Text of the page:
I left my first planet in the early hours of the morning.
It was a simple affair, when all was said and done. I farmed resources; I fixed my ship; I rocketed into the atmosphere and beyond without a single false start or stumble. With my TV's volume on low, the roar of space travel was closer to the buzz of my AC unit than the fanfare of a first launch. A brief swell in the music, and a message flash on screen — that was my congratulations. No one yelling or smiling or saying anything at all; not a single other human was around to witness my achievement.
This — learning to love your own success, even when it exists in a vacuum — may be the single most common experience a player has in No Man's Sky. There are 18 quintillion procedurally generated worlds in Hello Games' space sandbox, and you'll explore them all alone. It's not the game we expected, but something better: a dive into loneliness and solitude in a way few games have ever achieved.
The things they left behind
No Man's Sky players exist in a connected universe, but this is not a multiplayer game. According to Hello Games, the chances of players crossing paths is "pretty much zero." We've seen this tested. Two players, after happening upon a common planet, fervently tried to meet one another. They streamed their efforts on Twitch, only to find themselves in the same place at seemingly different points in the day — two star-crossed explorers separated by space, time and perhaps bad Wi-Fi.
The lack of overt multiplayer in a game as vast as No Man's Sky has been a turnoff for some, sparking player complaints and a silly discussion of "how hard" it is to add to a game. This is missing the point.
No Man's Sky doesn't give a damn about you
No Man's Sky is an exercise in isolation, more so than a regular single-player experience, because it feels as though it's meant to be shared. It's impossible to see everything the game has to offer on your own; no matter how many times you beat it, you'll never truly experience it all. And, unlike your typical single-player game, No Man's Sky does not exist in a bubble. The game may be unimaginably large, but with enough time and players, it's still possible to discover footprints left by others: planets, systems, species they've named, and places they've seen. Another player may have stood where you now stand only minutes ago, but you might as well be scavenging ancient ruins.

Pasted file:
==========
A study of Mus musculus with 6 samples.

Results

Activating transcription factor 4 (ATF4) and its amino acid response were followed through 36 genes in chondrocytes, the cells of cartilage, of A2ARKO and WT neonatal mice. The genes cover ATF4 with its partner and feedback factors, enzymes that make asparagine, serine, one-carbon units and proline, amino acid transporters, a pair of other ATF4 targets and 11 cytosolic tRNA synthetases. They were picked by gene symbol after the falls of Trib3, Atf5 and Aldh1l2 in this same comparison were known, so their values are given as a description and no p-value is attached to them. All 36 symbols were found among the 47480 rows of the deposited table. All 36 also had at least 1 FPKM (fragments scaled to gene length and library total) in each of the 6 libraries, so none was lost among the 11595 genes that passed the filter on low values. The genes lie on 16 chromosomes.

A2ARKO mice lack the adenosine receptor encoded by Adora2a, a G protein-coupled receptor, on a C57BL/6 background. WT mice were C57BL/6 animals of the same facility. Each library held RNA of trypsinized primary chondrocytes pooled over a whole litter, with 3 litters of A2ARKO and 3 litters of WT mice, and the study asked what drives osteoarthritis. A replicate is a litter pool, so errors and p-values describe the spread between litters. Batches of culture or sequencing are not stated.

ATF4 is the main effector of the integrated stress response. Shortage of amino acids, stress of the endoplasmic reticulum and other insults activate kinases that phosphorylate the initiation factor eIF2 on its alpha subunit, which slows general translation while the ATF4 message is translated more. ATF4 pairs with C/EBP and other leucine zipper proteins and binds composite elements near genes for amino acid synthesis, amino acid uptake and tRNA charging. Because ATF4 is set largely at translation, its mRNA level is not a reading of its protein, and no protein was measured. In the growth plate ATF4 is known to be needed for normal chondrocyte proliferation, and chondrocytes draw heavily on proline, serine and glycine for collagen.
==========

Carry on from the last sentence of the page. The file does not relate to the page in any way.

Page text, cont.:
These markers serve as both a connection to other players and a reminder that in this game we are truly, deeply alone. There is something poetic in the Twitch streamers' discovery that they couldn't find each other, and something profoundly sad — like missing a loved one who left for a long trip just moments before you got home. Critics and players alike tend to heap praise on the games that connect us, but we have so few words for the ones that remind us of what it feels like to be on our own.
Being alone is hard. It's also an essential part of being a person. Instead of drowning in that crushing sense of loneliness, however, No Man's Sky encourages us to embrace it. The game has a plot. You have a purpose. But it's also possible to spend the entirety of your time doing nothing at all. Like the real world, No Man's Sky doesn't give a damn about you or what you do. You have to find joy in things for you and only you, because no one else is around to share it.
One of the greatest privileges of adult life is the power to turn everyone else off, but it's also one of the most fleeting. We only shoulder more responsibility as we get older; more obligations to family, friends and work. I may never "beat" No Man's Sky, but its true appeal has never been in its ending. It peddles a commodity more rare than any you'll find on the surface of its planets: the luxury of being alone.